The Irish Farmers' Association has raised concerns over the disparity in the price of fertiliser between Northern Ireland and the Republic.
A consignment of fertiliser arrived from Northern Ireland into a remote farmyard near Monageer, Co Wexford this morning, having being purchased in Co Down.
The total cost of the 28.8 tonne load was €16,128.
The IFA said the equivalent load purchased in the Republic would cost €22,000, meaning farmers here are paying much more and would be hard pressed to make a return on their crops.
It said the southern prices do not reflect a huge drop in global fertiliser prices, despite the turmoil of the ongoing war in Ukraine.
IFA President Tim Cullinan said: "We have seen a sustained significant drop in the price of natural gas of up on 85% since September 2022.
"The spike in natural gas prices was referenced as the main driver of increased fertiliser prices last year. Therefore, we should now be seeing a significant reduction in fertiliser prices in line with what is happening with gas. But that's not happening."
He said that many sectors within Irish agriculture struggled with inputs cost last year and that should not happen this year regarding fertiliser as prices drop internationally.
"A large cost on many farms is fertiliser, with much of this is bought in the spring, Therefore, I am calling on all co-ops and merchants to step up and pass on these price reductions immediately,"
RTÉ News contacted a number of fertiliser companies regarding pricing issues but none were willing to speak publicly.
However, industry sources said many of them forward purchased fertiliser ingredients last autumn, in order to ensure there were supplies ready and available this spring.
Autumn prices were very high and pricing of the current stock of fertiliser they carry is based on what they paid. Sources say they do expect prices will fall once the existing stocks have been sold.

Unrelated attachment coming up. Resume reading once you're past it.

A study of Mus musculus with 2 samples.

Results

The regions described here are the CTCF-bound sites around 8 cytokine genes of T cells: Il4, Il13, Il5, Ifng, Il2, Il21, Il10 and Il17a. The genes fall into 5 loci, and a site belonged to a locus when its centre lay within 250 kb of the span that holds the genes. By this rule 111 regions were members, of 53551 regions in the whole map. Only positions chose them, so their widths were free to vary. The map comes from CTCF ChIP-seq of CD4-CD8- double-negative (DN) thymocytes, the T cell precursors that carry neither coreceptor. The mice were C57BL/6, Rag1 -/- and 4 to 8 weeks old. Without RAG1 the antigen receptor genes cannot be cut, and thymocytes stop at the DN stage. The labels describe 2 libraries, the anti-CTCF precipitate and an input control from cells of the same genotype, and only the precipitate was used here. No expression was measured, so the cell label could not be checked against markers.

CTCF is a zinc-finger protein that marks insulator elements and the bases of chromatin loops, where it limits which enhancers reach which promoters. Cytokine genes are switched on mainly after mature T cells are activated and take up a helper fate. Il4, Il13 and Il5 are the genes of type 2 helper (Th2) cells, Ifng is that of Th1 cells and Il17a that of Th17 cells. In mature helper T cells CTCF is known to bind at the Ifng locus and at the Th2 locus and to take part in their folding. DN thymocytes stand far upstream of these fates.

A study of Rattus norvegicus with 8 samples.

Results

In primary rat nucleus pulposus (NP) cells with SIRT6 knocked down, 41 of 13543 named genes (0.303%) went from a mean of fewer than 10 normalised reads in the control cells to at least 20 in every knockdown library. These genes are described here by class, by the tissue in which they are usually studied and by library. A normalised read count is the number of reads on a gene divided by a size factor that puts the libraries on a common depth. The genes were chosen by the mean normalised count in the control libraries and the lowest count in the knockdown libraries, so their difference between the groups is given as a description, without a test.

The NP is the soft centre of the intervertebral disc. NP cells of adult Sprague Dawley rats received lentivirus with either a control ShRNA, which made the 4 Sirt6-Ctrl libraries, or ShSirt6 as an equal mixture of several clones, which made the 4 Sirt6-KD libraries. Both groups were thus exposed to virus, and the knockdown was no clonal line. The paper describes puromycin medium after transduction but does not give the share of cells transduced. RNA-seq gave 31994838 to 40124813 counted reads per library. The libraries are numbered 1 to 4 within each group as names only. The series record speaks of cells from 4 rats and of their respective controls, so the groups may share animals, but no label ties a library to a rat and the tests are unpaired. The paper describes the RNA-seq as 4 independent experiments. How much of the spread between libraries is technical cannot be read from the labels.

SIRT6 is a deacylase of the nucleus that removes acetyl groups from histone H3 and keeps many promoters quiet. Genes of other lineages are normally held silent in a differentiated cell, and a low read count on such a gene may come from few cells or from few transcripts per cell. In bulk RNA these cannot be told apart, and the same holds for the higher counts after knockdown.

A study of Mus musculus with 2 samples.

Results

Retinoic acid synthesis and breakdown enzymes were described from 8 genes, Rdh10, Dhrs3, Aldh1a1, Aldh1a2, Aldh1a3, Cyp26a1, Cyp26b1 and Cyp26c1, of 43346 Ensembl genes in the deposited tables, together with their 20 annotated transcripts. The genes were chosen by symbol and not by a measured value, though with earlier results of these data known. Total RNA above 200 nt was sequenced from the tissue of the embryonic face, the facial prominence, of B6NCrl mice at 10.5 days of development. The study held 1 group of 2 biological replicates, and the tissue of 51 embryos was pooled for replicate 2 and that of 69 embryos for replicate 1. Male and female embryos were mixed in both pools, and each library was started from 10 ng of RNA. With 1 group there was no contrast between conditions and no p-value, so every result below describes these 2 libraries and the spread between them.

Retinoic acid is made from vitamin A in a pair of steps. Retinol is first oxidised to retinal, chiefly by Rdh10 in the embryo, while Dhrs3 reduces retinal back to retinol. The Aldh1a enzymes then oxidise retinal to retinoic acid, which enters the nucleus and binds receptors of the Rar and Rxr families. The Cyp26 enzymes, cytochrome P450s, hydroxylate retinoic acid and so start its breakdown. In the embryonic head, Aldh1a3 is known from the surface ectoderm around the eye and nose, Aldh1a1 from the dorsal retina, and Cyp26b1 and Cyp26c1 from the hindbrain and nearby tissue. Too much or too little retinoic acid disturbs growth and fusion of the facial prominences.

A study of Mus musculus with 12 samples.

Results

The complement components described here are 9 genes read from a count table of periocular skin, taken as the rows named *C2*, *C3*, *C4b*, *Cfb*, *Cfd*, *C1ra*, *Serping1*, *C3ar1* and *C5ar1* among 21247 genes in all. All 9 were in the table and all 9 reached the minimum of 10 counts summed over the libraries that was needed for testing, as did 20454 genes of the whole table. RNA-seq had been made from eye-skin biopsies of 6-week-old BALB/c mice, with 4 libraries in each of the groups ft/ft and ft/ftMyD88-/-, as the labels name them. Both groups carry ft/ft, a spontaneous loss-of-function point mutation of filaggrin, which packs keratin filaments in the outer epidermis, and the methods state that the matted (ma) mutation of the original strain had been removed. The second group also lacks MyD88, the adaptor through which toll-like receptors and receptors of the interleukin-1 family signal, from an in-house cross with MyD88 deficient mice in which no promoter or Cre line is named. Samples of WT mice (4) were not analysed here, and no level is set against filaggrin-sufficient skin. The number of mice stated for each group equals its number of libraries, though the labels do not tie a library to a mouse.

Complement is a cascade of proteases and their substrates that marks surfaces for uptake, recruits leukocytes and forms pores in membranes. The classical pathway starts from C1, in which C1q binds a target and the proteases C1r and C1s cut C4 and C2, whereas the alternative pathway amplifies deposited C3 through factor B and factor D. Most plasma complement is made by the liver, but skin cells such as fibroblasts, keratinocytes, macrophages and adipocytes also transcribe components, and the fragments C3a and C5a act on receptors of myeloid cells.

The IFA said tillage farmers in Ireland faced with these high prices are "over a barrel" as they have to buy fertiliser now for spring planting.
Chair of the IFA National Grain Committee Kieran McEvoy said the IFA has called on the suppliers to reduce the price.
He added that most tillage farmers will be finished with fertiliser by 15 April.
Mr McEvoy said he cannot understand why the prices have not come down in the Republic.
"I can't understand why they haven't come down in the South. The reason they came down in the North is because gas prices have eased back somewhat," he said.
He said that while prices are still historically high, they are not anything like what they were this time last year.
"This product is still quite expensive, even at €560. It's probably €200 a tonne more than it was the season before in 2021. We're realistic. We understand the cost of manufacturing is based on gas and we understand that. But we can't understand why the market hasn't reflected that here," he added.